Experts have warned families with children are facing a significant crunch in their household budgets amid the rising cost of essentials like food and fuel.
New research for the Joseph Rowntree Foundation (JRF) by Loughborough University has revealed that families with children are facing £400 extra costs in their budgets each month.
The family budgets were calculated using the minimum income standard (MIS), which is based on items the public think are needed to achieve an "acceptable" standard of living.
Pressures on those budgets are being driven by doubling fuel costs, food inflation hitting 9.3%, and childcare increases reaching 6.7%.
The foundation says the average family each month is spending an extra £120 per month on energy, £90 on transport including petrol and £65 on childcare.
It comes after the experts warn Brits on the lowest incomes are facing inflation at 10.2% due to spending a higher proportion of their income on food and fuel.
Watch: You'll have to wait for more cost of living help, says Boris Johnson
Peter Matejic, deputy director of evidence and impact at JRF, said the poorest families have "no escape" from soaring costs.
“The symptoms of these astonishing price rises can be seen in the shops and they can be seen in people rationing showers to once a week, giving up milk in their tea and eating cold meals to avoid using the oven," said Matejic.
"The cause is not simply rising prices – it is the growing gap between what social security provides and the income needed to reach an acceptable standard of living."
He added: “The chancellor needs to recognise the urgency of this situation and realise that he really does have the power to protect the worst off from being pulled under.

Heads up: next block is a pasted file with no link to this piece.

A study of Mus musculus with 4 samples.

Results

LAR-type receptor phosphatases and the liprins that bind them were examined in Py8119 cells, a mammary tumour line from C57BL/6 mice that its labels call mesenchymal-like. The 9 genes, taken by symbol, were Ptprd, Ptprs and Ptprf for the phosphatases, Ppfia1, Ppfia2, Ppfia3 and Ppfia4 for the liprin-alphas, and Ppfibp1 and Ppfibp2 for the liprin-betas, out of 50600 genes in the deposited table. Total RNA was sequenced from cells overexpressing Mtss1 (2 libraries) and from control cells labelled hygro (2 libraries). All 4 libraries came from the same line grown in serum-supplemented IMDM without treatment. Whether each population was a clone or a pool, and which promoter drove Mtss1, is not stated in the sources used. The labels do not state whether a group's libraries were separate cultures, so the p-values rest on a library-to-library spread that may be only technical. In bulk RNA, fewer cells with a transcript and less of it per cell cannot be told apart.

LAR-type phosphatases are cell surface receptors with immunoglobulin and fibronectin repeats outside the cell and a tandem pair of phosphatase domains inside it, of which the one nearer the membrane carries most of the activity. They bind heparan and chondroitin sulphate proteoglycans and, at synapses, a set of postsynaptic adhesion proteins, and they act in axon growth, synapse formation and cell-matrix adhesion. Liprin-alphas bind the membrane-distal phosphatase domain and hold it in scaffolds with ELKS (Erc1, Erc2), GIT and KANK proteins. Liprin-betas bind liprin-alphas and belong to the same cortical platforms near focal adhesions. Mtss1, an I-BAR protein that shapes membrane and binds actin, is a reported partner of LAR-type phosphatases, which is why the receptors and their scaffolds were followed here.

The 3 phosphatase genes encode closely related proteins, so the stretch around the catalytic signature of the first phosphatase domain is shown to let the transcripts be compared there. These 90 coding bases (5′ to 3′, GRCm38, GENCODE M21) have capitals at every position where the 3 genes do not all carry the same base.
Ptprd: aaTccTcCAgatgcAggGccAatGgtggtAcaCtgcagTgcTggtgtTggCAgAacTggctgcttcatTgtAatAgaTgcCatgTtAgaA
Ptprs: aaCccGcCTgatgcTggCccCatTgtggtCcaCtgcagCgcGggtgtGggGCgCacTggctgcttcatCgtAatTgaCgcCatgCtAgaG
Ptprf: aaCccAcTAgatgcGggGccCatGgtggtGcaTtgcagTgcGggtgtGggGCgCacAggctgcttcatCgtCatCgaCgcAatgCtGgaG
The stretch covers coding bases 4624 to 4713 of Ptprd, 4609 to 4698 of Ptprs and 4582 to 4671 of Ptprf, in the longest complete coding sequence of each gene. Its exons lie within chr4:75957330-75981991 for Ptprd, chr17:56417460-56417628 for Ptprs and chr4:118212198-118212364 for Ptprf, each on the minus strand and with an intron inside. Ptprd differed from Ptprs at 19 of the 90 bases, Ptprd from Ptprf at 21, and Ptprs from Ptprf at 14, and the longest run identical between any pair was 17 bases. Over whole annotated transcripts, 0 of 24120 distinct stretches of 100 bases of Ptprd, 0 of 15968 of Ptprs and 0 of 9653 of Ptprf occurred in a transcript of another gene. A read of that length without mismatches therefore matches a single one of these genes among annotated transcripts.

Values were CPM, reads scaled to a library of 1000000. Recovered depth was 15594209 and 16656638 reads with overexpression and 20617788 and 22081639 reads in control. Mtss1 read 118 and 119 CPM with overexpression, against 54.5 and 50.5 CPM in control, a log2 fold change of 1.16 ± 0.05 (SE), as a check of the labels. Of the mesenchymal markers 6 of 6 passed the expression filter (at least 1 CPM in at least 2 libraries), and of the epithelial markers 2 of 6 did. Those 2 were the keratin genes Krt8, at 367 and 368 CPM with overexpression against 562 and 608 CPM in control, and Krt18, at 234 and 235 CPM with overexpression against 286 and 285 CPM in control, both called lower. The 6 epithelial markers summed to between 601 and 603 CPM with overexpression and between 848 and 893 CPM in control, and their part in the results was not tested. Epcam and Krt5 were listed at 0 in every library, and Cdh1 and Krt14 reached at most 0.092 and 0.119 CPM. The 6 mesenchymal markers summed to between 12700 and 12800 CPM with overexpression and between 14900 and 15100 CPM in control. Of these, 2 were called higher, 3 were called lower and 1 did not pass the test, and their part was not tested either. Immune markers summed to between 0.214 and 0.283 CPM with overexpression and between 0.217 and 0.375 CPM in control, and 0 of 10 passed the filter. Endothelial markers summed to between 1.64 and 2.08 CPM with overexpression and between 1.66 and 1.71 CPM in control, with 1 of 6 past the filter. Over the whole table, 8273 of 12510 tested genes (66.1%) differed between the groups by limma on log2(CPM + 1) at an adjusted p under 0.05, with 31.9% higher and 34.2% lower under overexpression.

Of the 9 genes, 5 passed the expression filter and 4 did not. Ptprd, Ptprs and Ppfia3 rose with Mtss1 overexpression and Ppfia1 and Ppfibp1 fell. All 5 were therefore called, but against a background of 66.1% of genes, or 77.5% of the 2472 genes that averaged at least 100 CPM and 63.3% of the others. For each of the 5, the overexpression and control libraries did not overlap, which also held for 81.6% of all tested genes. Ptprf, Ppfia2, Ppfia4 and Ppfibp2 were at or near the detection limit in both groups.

"This cost of living crisis is being keenly felt, and will get worse without decisive action.
"The government has the power and can choose to use the benefits system to uprate in line with inflation, ensuring that nobody falls below an income that allows them to afford the basics for themselves and their family”.
Matt Padley, associate director and senior research fellow at the centre for research in social policy at Loughborough University, said there has been a "dramatic increase" in cost for the poorest families to "participate in our society".
“Particularly stark is the increase in the cost of home energy and this is set to rise even further later in the year," said Padley.
"As a consequence of these increases, lots of households will have to cut back, making difficult choices about what to go without, and which of their needs to prioritise.
“Households in the UK in 2022 shouldn't have to make these sorts of decisions."
Labour has criticised the government for not doing more to help with the cost of living, and called for a windfall tax to fund more energy bills support.
After months of the government defending existing support, on Monday Boris Johnson indicated that help was one the way - but said the public "have to wait a little bit longer".